Tom Herman has a list and he’s checking it
twice — well, once every weekend, at this rate.
Just days ago, I detailed how topping Oklahoma would check yet another box for a Texas team that has spent much of the 2018 slate, as well as its 2017 postseason, defeating its past demons.
Knock off a nationally prominent program, such as USC, and secure that potential corner-turning, confidence-building win that eluded Texas in 2017?
Finally find a way to topple TCU, a Big 12 power that has overpowered Texas by a whopping 120 points throughout a four-year span from 2014-17?
Exorcise yet another purple demon and win on the road in Manhattan, Kansas, where Texas hasn’t left victorious since 2002?
Compile the program’s first four-game winning streak since 2013, and along the way, beat two ranked opponents in two weeks for the first time since 2008?
Beat Oklahoma in a Red River Showdown that’s actually meaningful beyond mere rivalry bragging rights?
That bottom box can now be scratched off the to-do list, too, but other boxes below it remain unmarked. With No. 9 Texas (5-1, 3-0) enjoying its best six-game start since 2009 and its first placement within the AP top 10 since 2010, one’s mind may immediately envision a Big 12 Championship, but as Herman noted during his Monday afternoon media availability, the Horns hoisting the Golden Hat doesn’t bring the Big 12 title to Austin.
“There is no midseason conference championship trophy. Bob Bowlsby was at our game; he didn’t handout a midseason conference championship trophy,” Herman said. “There is a lot of season left. A lot!”
To that end, a conference crown is far from a certainty if the Horns can’t handle business against teams they’re expected to beat, although “expected” isn’t exactly the term Herman would prefer to use going forward because, well, as he noted, his program isn’t at a place where wins should necessarily be expected.
“I don’t think we’re at a place right now where you can say winning is expected and I think that’s okay,” Herman said. “I think winning right now is the fruit of the labor of the week of preparation, and it should be celebrated immensely, you know, whether you’re beating Tulsa or Oklahoma, it doesn’t matter.”
“It is nice to know that for the most part, if we do play our best, our best is good enough, but that’s more the expectation than expecting to win,” Herman added. “I just think there is a level of arrogance maybe that comes with expecting to win that I don’t know that I every really want our guys to have. I want them to understand that each week is a freakin’ battle.”
Herman’s wishes won’t resonate with the media and oddsmakers and, though.
For example, per ESPN’s FPI, Texas owns at least a 76 percent chance to beat Baylor (84.2%), Iowa State (76.7%), and Kansas (84.2%), so it’s safe to say Texas is generally expected to come out on top in each of those outings. The Bears are the first opponent of the bunch, and the Longhorns opened as 16-point favorites for their Saturday afternoon showdown with Matt Rhule’s program, which currently sits at 4-2 on the season.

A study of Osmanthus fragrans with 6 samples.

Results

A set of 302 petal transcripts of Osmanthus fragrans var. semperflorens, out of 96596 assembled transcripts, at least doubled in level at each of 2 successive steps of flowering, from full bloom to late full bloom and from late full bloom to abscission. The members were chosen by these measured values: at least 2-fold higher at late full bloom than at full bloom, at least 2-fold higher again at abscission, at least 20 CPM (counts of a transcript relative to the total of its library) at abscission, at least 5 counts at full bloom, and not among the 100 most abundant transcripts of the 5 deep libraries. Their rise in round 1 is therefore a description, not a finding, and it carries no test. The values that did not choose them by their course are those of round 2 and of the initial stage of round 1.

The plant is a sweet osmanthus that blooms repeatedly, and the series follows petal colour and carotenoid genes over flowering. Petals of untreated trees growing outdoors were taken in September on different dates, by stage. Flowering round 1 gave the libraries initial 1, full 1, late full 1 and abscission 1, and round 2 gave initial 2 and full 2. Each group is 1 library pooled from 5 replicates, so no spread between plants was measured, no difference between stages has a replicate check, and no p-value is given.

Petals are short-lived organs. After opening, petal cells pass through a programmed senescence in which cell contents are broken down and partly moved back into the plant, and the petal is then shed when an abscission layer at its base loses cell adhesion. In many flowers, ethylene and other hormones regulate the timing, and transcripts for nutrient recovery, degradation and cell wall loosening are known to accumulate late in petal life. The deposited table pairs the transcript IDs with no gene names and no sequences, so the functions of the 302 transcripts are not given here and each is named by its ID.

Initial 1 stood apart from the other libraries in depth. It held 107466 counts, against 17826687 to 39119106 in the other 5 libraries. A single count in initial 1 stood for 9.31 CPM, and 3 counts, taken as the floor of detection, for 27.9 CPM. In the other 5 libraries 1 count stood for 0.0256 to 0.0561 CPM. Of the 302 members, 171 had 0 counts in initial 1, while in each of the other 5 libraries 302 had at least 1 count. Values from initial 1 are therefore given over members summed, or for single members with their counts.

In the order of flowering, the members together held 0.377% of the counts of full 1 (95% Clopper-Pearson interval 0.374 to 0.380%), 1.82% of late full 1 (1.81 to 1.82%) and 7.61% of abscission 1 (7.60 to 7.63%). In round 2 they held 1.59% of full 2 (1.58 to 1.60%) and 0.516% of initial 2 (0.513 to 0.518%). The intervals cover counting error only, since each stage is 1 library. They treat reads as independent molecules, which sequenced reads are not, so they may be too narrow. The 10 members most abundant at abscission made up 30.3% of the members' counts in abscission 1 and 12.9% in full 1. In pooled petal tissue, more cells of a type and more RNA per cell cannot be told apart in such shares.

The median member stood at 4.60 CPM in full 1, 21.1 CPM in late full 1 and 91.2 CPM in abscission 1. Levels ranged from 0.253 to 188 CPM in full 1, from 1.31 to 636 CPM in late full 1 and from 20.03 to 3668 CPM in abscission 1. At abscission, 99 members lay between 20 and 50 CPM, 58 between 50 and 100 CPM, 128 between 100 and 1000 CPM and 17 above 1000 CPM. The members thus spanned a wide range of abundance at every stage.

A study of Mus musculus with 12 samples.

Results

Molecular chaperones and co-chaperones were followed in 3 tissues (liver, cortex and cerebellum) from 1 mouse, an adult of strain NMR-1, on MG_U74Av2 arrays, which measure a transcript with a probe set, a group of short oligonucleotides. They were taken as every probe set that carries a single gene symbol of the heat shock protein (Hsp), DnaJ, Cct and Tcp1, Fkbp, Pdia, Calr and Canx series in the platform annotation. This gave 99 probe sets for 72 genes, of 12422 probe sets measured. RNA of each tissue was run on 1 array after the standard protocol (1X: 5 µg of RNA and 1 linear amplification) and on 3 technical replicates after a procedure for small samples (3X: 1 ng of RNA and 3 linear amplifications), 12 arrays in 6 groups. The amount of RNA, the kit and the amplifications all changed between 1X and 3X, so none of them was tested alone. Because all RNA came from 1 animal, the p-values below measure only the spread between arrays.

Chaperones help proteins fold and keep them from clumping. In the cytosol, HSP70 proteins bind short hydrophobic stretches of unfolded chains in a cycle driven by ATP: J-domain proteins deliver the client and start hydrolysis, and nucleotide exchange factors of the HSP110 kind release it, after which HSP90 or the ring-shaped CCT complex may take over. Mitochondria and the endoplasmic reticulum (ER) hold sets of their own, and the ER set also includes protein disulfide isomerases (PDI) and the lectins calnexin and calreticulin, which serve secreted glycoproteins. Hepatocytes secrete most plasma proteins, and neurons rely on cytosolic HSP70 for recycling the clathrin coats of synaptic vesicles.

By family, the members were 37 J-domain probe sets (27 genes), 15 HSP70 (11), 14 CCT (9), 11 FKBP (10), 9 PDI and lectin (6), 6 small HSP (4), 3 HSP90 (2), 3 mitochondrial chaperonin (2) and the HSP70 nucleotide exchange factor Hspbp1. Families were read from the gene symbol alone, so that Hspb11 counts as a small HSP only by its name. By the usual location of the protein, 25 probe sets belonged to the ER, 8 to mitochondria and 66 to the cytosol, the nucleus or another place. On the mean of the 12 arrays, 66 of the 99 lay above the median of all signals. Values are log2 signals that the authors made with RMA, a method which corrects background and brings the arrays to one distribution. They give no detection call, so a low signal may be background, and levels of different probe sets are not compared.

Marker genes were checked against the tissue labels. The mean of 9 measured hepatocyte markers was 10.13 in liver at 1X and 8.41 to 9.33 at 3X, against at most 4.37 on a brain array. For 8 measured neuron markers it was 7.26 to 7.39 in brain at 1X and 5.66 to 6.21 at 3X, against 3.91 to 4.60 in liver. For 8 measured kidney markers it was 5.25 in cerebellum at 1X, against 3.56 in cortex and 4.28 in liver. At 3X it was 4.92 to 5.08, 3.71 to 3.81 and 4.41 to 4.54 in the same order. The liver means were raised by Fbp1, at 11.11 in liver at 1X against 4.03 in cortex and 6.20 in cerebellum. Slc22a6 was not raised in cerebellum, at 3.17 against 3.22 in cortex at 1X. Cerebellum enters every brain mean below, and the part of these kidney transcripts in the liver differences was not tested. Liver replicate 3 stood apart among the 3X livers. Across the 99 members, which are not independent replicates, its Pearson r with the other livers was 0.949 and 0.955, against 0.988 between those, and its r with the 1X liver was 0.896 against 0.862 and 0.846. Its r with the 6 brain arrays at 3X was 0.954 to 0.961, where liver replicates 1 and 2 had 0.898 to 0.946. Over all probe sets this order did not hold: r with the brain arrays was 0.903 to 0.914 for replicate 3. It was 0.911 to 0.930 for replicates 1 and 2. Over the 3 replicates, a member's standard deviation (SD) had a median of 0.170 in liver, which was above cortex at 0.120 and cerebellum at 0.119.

“I’m maybe the most proud of how they came to work yesterday,” Herman said on Monday. “They came to work yesterday ready to get better, understanding that we’re 0-0 against Baylor this week and our preparation is what’s led us to where we’re at now. And how we prepare and how we tune the noise out and how we manage all of the distractions; I think we’ve done a really good job with that.”
But expectations, of course, don’t always equal the outcome, as Texas has learned time and time again. Of the seven losses the Longhorns have suffered under Herman’s tutelage, four have come against teams ranked within the top 12 nationally.
The three others? To Maryland; not once, but twice, to open the 2017 and 2018 seasons, and to Texas Tech to cap the 2017 regular season. The difference between those defeats and Texas’ 2017 losses to No. 4 USC, No. 12 Oklahoma, No. 10 Oklahoma State, and No. 8 TCU, though, is that the Horns were expected and projected to win. Consequently, Herman’s résumé at Texas reads 12-7, as opposed to 15-4, and the lone 2018 loss to Maryland is likely all that separates the Horns from a place in the College Football Playoff conversation.
Nevertheless, now No. 9 nationally behind five wins in five weeks — three of which came against ranked teams that the Longhorns failed to beat in 2017 — Texas is well on its way towards a major step forward in 2018, but doing so will require the the program to check yet another box off its bucket list.
Despite the many demons Texas has defeated dating back to the Texas Bowl, the one that still haunts the Horns is the inability to consistently come out on top when Texas isn’t the underdog. Again, nearly half of the Longhorns losses under Herman are to teams Texas was expected to beat, but didn’t.
The Longhorns won’t be able to completely close that hard-to-read chapter of their recent past with a single win, but at the least, Texas can begin rewriting the narrative by beating Baylor on Saturday.